I am continuing - slowly - to work my way through my Photoshop course. I am looking forward to doing Liz Berg's online design class, which starts on 21 Jan, and in preparation was going through some of the abstract design exercises in recent editions of Quilting Arts magazine. Combined with this was the spooky experience of second guessing Sharon Bs colour scheme for her Take it further challenge, and it all came together in a session playing in Photoshop.
I decided to use the colour scheme chosen by Sharon for the TIF challenge and playing with it using simple shapes in PS. You can replicate the colours from Sharon's sample exactly by typing in the number at the top left hand side of each colour into the # box in the colour picker window of PS (to open the colour picker, just click on the foreground colour square towards the bottom of the main toolbar). Then create a document with a shape for each colour and save it as your reference. When you want to do some design work, or just play around seeing the effect of using different proportions of the colours in a design, open a new document and have your original which has a sample of each colour open alongside. Use the eye dropper tool to touch the colour you want from the original and that will set the foreground colour in your colour picker to that colour. Then just play with whichever tool you want to create shapes and fill them with the desired colour/s.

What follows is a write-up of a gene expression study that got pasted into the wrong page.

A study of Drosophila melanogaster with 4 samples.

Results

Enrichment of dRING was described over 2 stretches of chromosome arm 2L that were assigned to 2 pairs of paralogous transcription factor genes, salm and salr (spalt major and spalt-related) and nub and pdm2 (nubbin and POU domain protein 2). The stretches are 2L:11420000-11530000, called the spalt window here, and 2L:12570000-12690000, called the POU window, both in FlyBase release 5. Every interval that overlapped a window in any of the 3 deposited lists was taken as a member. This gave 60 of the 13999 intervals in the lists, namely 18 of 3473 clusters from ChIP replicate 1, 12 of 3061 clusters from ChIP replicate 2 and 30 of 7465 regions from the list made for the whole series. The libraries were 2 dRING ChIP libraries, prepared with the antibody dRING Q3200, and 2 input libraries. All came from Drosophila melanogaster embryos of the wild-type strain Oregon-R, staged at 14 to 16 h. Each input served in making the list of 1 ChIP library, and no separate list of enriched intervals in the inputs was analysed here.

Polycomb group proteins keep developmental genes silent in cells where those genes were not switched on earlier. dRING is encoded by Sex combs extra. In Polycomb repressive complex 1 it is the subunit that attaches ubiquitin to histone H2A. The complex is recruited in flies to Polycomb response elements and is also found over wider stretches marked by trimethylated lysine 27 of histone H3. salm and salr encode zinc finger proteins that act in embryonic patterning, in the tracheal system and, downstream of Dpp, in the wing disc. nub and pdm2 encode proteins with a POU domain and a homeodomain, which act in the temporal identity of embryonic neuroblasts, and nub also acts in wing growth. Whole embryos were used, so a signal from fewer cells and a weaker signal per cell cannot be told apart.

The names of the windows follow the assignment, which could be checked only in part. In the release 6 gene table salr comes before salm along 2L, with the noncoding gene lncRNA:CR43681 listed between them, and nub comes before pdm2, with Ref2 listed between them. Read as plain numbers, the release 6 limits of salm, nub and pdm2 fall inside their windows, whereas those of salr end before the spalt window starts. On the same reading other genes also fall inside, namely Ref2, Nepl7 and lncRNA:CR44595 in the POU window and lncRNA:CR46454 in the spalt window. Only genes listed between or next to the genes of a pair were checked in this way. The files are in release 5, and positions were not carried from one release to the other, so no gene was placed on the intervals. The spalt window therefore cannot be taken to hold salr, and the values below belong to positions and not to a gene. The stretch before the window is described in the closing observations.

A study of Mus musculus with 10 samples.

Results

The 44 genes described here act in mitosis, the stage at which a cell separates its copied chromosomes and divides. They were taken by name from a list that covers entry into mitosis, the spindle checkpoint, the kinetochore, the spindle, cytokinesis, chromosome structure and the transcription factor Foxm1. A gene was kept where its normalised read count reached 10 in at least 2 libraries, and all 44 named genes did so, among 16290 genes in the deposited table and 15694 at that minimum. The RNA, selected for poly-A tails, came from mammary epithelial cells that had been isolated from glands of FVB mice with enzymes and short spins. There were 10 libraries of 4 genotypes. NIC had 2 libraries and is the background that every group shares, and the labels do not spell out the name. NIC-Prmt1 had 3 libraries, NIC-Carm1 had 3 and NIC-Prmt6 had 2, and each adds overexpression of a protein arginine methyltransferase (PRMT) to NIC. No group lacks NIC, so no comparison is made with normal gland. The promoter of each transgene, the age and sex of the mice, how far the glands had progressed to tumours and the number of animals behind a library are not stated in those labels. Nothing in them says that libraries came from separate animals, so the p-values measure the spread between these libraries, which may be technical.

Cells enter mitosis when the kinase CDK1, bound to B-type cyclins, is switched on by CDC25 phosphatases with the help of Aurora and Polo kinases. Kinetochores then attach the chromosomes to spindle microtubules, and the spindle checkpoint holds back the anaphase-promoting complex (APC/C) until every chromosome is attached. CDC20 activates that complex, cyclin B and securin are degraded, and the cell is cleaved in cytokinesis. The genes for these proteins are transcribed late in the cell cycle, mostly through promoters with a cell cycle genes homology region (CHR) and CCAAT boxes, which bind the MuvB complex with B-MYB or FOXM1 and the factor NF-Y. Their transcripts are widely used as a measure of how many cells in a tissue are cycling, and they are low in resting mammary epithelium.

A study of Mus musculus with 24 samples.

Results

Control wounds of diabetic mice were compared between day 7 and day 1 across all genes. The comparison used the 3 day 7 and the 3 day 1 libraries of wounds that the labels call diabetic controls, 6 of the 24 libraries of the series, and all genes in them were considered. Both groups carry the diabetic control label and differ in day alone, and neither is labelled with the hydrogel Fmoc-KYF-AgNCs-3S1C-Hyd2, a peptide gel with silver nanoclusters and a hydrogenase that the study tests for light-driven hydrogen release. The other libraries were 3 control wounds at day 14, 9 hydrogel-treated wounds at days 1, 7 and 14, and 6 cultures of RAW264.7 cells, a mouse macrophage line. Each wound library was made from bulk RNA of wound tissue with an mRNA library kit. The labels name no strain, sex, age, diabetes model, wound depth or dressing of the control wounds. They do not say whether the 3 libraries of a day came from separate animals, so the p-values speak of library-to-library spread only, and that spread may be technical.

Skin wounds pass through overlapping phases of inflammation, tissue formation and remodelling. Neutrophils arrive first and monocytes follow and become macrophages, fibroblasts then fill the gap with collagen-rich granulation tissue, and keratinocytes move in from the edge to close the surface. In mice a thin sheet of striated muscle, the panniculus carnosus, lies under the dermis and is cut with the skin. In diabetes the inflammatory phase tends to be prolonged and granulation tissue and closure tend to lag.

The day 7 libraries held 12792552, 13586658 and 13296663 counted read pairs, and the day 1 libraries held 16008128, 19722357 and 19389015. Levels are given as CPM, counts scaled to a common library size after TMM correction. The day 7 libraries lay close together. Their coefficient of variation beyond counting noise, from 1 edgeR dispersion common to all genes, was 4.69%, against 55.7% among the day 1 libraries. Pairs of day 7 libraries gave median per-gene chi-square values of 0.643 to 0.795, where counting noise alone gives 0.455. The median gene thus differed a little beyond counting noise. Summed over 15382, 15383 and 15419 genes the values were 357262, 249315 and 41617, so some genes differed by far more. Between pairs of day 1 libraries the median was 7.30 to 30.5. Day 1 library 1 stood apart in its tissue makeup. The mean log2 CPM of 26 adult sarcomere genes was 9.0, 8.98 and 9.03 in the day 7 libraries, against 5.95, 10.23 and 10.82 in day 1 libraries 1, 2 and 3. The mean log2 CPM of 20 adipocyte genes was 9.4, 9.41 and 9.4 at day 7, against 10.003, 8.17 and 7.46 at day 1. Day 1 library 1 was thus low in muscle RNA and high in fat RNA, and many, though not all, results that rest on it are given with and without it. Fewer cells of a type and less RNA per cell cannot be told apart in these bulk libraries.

Here I just used the rectangular and ellipse marquee tools to create shapes in the different colours, on a textured background. No great design principles at play here!
Next I had a go at creating unity through proximity.
In this one I wanted to create a sense of movement, with the triangular shapes falling across the page. I also played with transparency with the pale yellow overlays. You can do this by varying the opacity.
The very first image I made using the rectangular marquee tool, then hit it with a filter to distort the shapes and make them more organic - I also used a gradient filter for the background. BTW all of this can be done even if you only have Photoshop elements (I tried it on version 2, which is pretty old!). I don't know why, but I feel more comfortable doing these sort of design exercises on the computer, rather than with real fabric bits. I guess I don't feel that I am 'wasting' fabricd - and I can always hit the 'undo' button. I also don't flatter myself that any of these are great examples of design! But as I said in my New Year's Eve post, I am resolved to follow Rayna Gillman's advice to accept the crap quota - so the more I do, the better I will get.
DISCLAIMER: Warning - playing in Photoshop can be a serious timewaster - don't blame me if you don't get the laundry done and dinner is late!